In November 2019, a comprehensive review of the Traffic Bylaw was initiated. The review included several stakeholder meetings to review the bylaw in detail and discuss potential amendments and their consequences.
Both technical and substantive amendments are proposed. The technical amendments include simplifying the wording, removing redundant wording, combining like sections, re-organizing the bylaw for logical flow and creating more headings and sub-headings so the bylaw is easier to follow. The more substantive amendments included defining terms for clarity, removing unnecessary or problematic sections, adding new sections to address current issues in the City, and adding/removing sections to address legal issues. The substantive amendments and the rationale for them are outlined in the attached “Traffic Bylaw Tracking Sheet – Proposed Amendments”.
The substantive amendments that have significant policy implications are:
1. Recreational Vehicles on Highways - section 4.15(b), (c) and (d)
Individuals will not be permitted to park their Recreational Vehicles on a highway on a long-term basis. Parking Recreational Vehicles on highways creates a safety risk because:
- due to their size they obstruct sight lines, and access to intersections and driveways; and
- they impede pedestrian and vehicular traffic, including emergency vehicles particularly on narrower highways.
2. Loiter – section 4.9
This section provides a tool to allow a Peace Officer to approach a vehicle to ascertain the reason and purpose of the occupant’s intentions for being parked in a particular location. This section is not directed towards the general public, but towards individuals who may be engaging in illegal activities or have no clear purpose for being parked in a particular location.
3. Prohibition of Driveway Aids – section 8.1(c)
Driveway Aids are a problem because they can damage Public Works maintenance equipment or prevent proper surface drainage, the cost and impact of which are quite significant.
During snow removal operations, Driveway Aids get pulled into snow blowers, which cause damage and lost production.
Driveway Aids also prevent street sweepers from effectively sweeping because they have to be driven around. This results in natural debris remaining on the highway, which can be a safety hazard to vehicular traffic. Materials and pollutants left on the highway can also migrate into the stormwater system.
Driveway Aids also obstruct stormwater runoff from flowing freely along the edge of the roadway into the stormwater catch basins. This can result in water pooling, which may cause long-term damage to the roadway and boulevard.
Prior to any enforcement of the prohibition of Driveway Aids, there will be a public awareness campaign advising of the prohibition.
4. Unduly Disturb – section 15.7
The amended bylaw allows the enforcement on an unduly disturbance at any time of the day. This will result in the means to enforce and ticket for excessive noise in residential areas and will assist in the promotion of more peaceful and tranquil neighbourhoods.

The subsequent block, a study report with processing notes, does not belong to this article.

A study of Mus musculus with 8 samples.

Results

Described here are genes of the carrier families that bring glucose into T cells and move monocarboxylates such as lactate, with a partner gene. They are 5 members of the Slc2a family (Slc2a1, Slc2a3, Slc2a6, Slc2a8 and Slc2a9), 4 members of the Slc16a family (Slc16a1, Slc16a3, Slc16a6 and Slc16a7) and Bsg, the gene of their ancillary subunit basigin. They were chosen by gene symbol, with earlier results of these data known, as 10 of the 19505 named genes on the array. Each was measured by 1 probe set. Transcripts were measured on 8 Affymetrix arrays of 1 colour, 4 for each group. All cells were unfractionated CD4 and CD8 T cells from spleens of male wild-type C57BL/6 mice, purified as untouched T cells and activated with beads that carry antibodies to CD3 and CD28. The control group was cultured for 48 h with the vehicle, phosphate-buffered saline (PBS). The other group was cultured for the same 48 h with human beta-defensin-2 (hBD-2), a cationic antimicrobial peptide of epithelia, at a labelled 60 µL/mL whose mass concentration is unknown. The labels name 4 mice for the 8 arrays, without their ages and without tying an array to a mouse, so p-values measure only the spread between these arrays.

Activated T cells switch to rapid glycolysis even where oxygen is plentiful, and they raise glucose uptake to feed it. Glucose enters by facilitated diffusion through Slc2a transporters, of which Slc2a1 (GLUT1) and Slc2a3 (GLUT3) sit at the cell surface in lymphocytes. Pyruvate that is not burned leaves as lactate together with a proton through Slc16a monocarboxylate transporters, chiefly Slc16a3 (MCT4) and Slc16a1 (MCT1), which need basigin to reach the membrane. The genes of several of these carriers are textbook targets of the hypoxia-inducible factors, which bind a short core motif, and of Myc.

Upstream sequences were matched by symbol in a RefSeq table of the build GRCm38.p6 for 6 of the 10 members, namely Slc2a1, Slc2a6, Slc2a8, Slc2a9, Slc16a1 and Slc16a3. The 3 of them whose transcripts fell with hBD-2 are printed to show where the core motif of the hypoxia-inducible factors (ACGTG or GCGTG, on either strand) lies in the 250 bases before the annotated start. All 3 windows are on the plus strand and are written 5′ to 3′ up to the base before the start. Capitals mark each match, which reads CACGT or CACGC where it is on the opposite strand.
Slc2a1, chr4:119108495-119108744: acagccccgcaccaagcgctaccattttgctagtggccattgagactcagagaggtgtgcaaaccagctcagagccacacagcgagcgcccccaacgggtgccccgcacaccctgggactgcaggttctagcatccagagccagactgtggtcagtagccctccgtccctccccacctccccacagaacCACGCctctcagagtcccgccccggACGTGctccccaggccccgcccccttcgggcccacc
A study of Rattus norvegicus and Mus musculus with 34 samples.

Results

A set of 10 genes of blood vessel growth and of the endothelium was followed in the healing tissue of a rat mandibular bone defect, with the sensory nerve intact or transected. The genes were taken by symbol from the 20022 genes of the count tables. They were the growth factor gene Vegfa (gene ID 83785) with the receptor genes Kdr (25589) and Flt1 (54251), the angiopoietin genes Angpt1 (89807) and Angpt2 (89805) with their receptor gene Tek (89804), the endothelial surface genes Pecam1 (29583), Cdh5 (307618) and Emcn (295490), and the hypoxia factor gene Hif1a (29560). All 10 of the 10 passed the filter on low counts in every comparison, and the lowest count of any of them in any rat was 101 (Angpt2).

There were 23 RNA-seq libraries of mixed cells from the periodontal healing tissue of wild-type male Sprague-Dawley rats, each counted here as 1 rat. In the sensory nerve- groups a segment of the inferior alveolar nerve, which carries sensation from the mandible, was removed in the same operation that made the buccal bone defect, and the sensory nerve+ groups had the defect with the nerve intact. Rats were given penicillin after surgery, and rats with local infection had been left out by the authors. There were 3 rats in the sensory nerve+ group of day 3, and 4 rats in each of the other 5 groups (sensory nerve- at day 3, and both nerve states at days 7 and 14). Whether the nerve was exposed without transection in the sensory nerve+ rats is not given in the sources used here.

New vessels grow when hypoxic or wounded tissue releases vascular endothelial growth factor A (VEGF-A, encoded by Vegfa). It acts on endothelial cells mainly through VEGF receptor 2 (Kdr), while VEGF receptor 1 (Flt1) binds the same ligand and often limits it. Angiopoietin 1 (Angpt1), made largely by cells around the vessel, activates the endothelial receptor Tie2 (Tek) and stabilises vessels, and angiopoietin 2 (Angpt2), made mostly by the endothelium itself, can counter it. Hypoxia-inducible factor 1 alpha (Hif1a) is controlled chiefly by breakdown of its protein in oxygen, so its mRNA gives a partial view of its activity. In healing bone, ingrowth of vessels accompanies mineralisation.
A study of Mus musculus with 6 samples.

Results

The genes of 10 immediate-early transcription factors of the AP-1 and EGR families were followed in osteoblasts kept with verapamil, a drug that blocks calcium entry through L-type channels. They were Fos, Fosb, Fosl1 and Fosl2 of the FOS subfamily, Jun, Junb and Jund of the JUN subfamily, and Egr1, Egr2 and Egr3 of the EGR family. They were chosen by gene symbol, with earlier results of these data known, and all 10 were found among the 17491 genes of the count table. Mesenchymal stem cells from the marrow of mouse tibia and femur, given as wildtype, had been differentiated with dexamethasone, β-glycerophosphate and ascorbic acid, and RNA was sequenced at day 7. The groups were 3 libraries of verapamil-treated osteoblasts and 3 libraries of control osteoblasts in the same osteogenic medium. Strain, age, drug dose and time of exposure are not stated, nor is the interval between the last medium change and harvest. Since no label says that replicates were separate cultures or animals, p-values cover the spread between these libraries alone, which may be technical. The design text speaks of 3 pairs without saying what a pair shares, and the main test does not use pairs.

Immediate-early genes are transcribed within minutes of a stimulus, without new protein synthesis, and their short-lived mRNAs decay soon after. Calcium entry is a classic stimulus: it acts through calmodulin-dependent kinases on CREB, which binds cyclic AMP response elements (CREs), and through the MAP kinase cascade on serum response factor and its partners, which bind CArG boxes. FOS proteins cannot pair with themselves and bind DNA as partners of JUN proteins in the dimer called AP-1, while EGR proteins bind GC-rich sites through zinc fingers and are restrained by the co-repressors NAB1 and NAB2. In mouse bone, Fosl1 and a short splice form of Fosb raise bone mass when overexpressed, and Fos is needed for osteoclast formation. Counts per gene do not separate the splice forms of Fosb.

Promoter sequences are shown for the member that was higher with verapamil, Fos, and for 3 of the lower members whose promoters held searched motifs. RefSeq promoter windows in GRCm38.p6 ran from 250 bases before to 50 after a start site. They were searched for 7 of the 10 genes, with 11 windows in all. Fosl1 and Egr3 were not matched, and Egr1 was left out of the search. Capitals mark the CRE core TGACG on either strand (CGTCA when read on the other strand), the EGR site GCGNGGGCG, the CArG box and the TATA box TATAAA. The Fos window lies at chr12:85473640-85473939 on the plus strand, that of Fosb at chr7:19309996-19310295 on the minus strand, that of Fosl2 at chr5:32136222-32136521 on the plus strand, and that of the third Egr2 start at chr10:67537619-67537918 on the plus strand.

5. Permit Regulations – section 17
The current bylaw speaks to the requirement of a Permit for certain activities on a highway, but does not address regulations around Permits. Section 17 was added to address this. These regulations and the enforcement of same are important because if an individual undertakes an activity without a Permit or does not follow the terms and conditions of a Permit, this can put people and property at risk.
6. Parking on Snow Routes Fine – Schedule 1
The fine for parking on a snow route has been reduced from $172.00 to $115.00. The rationale for this is that a Vehicle parked on a snow route that is in effect will be towed. This means the owner will have to pay the removal and impound charges to retrieve their Vehicle on top of paying the fine. It can be an onerous cost to pay a fine, removal fee and impound fee and so by lowering the fine amount, this lessens the overall cost while still ensuring the cost acts as deterrent to contravention of this section.
There were number of other substantive amendments that have minor policy impacts:
Amending the definition for Transit Zone to ensure buses have adequate room to safely and efficiently pickup and drop off passengers – section 1.51.
- Adding specific prohibition on Industrial / Commercial Waste and Storage Containers placed on a highway – section 8.6.
- Outlining appropriate bicycle conduct – section 15.1
- Adding prohibition on crossing sidewalks, boulevards or medians with a motor vehicle except where authorized – section 15.2
- Adding prohibition on a littering on highway – section 15.4
- Adding prohibition on driving a motor vehicle in an open space area unless operated on a roadway or authorized by a permit – 15.8
- Adding prohibition on stunting or other activity that would interfere with users of a highway – section 15.9
This comprehensive review resulted in a significant amount of amendments. For this reason, the current version of the bylaw is proposed to be repealed and replaced by proposed C-1123-20 - Traffic Bylaw. In lieu of a redline copy, Administration has attached to this agenda report a copy of the proposed bylaw, the current bylaw, and a tracking sheet that documents each change and the rationale for the change.